Escape from Amsterdam by Barrie Sherwood
|Escape from Amsterdam by Barrie Sherwood|
|Category: General Fiction|
|Reviewer: John Lloyd|
|Summary: A Japanese undergraduate student has to rescue his sister from a career singing for, and otherwise servicing, the gangsters at the titular theme park in this thriller-styled entertainment.|
|Buy? Maybe||Borrow? Yes|
|Pages: 208||Date: July 2007|
|Publisher: Granta Books|
Japanese University student Aozora is used to interruptions to his studies - his father telling him how lucky and prestigious he is to be in the course he is, his dreams of the bribes he can pocket when working in the Ministry for Construction, his wishes he'd get back with his ex and his scoring of every other female in comparison, and so on, but not interruptions like these.
First, there's the small matter of a fortune in debt he owes to some small-time thugs. Then, there's the death of a relative and the way he's dragged back to his swampy, backwoods village to meet up with his father and try and arrange the whopping inheritance he's now due.
Then, there's the search for his sister Mai, who as co-inheritor needs to be present so that both can sign their fifty per cent into their own hands. Unfortunately, this is by no means easy, and it soon becomes clear to Aozora that Mai needs to be prised from the grip of some much bigger guns in the underworld, and from their links with a Dutch-themed pleasure park with Yakuza connections.
Out of all the books generous publishers have been willing to give to the Bookbag for my perusal, this one had perhaps the hardest time of winning me over. It's dressed, with blurb and cover quotes, as if it is some state-of-the-nation novel regarding a country I don't much care for, Japan, written by a debutant writer who now resides in the land of the rising sun that is Norwich.
Luckily, the book is a lot better than that may sound. The narrative is a very good attempt at a rollicking adventure, involving gangsters missing fingers, girls missing clothes, archaeologists missing pots...
A lot of the time I was wondering why this book was foisted on me by a Barrie Sherwood - surely it would serve better as having been written by a Japanese author, getting into a local teenager's mindset more successfully, and having the sensitivity to local story a British writer would not. I needn't have worried, as while the teenager seems to have concerns recognised globally, there are clues that Sherwood has got his mind set on some very Japanese themes.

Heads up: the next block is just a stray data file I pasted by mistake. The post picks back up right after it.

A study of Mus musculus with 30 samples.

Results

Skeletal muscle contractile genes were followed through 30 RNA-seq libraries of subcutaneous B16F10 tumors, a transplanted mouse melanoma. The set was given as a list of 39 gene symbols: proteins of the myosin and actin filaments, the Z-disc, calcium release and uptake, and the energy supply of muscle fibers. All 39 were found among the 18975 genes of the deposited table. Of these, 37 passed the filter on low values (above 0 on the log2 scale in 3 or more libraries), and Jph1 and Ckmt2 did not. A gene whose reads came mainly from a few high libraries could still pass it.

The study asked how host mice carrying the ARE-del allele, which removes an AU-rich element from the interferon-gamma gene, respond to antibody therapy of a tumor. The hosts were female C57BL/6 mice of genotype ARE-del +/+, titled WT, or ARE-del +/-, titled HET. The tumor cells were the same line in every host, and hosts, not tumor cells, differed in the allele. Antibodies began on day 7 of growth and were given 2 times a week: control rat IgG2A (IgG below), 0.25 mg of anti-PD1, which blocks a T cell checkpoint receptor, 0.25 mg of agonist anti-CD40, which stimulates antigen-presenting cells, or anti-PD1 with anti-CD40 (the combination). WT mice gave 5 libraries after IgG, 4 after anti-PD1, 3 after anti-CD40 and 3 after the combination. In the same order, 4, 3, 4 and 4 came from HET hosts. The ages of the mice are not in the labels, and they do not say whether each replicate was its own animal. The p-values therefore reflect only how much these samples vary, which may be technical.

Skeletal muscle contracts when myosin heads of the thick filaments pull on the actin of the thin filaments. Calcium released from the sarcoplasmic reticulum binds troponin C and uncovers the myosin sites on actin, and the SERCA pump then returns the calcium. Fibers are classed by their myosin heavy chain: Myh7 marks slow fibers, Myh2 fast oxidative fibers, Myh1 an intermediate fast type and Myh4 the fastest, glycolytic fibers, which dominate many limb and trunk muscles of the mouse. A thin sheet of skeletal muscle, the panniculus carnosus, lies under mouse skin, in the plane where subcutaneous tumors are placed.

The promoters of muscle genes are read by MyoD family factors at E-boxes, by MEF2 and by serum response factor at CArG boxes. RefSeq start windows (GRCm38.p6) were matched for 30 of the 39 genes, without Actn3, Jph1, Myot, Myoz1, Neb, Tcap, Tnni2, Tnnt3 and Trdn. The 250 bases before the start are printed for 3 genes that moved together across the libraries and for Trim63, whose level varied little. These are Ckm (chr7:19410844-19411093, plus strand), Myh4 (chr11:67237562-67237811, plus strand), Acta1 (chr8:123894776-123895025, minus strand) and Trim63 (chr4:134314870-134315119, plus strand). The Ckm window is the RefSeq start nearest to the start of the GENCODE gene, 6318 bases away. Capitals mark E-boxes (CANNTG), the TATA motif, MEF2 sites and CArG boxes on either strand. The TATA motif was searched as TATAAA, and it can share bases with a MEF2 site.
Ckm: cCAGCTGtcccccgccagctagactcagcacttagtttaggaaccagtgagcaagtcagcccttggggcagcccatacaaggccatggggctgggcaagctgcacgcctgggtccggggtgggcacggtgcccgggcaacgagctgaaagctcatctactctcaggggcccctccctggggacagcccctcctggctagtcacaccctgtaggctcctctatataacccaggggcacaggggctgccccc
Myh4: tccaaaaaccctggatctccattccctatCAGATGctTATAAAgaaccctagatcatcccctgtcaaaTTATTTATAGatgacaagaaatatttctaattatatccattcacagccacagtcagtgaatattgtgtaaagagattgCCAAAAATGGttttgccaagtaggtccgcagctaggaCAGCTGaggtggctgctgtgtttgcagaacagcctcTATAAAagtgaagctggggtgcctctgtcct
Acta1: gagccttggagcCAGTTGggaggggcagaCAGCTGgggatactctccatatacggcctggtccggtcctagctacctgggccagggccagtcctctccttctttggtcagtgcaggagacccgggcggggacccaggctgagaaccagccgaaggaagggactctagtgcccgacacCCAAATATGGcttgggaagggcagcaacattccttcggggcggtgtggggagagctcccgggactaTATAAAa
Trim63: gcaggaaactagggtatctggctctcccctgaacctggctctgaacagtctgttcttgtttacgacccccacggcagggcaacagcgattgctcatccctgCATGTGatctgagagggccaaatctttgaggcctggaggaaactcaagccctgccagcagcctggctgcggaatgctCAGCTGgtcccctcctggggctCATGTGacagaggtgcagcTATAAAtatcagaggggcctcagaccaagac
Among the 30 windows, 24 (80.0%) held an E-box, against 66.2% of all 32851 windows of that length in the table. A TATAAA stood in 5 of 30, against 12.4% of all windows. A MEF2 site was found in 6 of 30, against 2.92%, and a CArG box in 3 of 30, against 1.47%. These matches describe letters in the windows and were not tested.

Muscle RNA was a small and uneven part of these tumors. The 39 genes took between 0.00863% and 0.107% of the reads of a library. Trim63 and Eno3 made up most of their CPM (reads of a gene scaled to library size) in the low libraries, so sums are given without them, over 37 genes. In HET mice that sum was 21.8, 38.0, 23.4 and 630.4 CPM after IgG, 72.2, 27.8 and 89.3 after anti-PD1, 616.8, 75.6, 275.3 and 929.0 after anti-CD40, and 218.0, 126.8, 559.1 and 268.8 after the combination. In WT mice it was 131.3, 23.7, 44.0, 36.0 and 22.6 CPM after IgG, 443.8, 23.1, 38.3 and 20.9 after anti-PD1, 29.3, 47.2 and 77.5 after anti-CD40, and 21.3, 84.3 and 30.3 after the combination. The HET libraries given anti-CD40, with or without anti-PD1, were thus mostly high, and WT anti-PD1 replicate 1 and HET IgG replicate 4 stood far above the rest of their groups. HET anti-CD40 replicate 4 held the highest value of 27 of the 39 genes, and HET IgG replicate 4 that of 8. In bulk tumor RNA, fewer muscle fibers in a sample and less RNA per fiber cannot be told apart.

By which I don't mean the narrative is swamped by Pachinko, neon, and old traditions facing a modern Salaryman, food-on-the-go, capsule hotel lifestyle - although all are present and correct. No, the very fact that a lot of the plot is set in and around Amsterdam, the titular venue where restaurants from around the world force the tourist to order their food in Italian, French or whichever language is appropriate, where Holland is truncated and bastardised into a day out, and where just outside the grounds Japanese history is forsaken by the big wigs for a new race track's sake, suggests the death of a culture our hero didn't think he much cared for.
There is, then, cause and effect, in having a Brit in his mid-thirties covering the concerns of a land so distant to most of his audience. Dare we mention the phrase post-modern? This novel tucks itself into that mindset too, breaking off into cartoon for some pages, the narrative turning into sports commentary for one action scene. More of this might even have been better.
Such concerns are there for those who wish to dissect the book and get the full gist of the detail. Japan, gives us one message, needs to escape such trashy cash-cows as Amsterdam. For other readers, there is still a very commendable plot, with Mai's escape being much more important.
Both sets of readers win with this snappy read, which surprised me by how straight it could be read as a literary thriller. Sure, it has very little in the way of plot twists, but the writing is sharp, some humour works, and the character, however easily he may be swapped for another nationality, is very identifiable. Great fun too, is the cameo from the sex doll manufacturer, showing us from the start the break-down of all things Japanese.
This isn't a world-breaking read, but is recommended to those interested in Japan, obviously, and is worth considering by those looking for a quirky read and a more exotic setting to their gangster-adventure books. It's not recommended you read it while hungry, and with no sushi or other Japanese food on hand though - that sounds as tormenting as chopping your own finger off...
You can read more book reviews or buy Escape from Amsterdam by Barrie Sherwood at Amazon.co.uk
You can read more book reviews or buy Escape from Amsterdam by Barrie Sherwood at Amazon.com.
Like to comment on this review?
Just send us an email and we'll put the best up on the site.
Sarah Passingham said:
Don't always judge a name by its roots - Barrie Sherwood is a Canadian who has stamped the globe as frequently and as far as his missionary parents, and not British, even though he was living in Norwich, UK at the time of writing. Did you catch the Max Sebald references with the embedded illustrations, no captions and often no obvious reference? This is a cleverer book than you might suppose.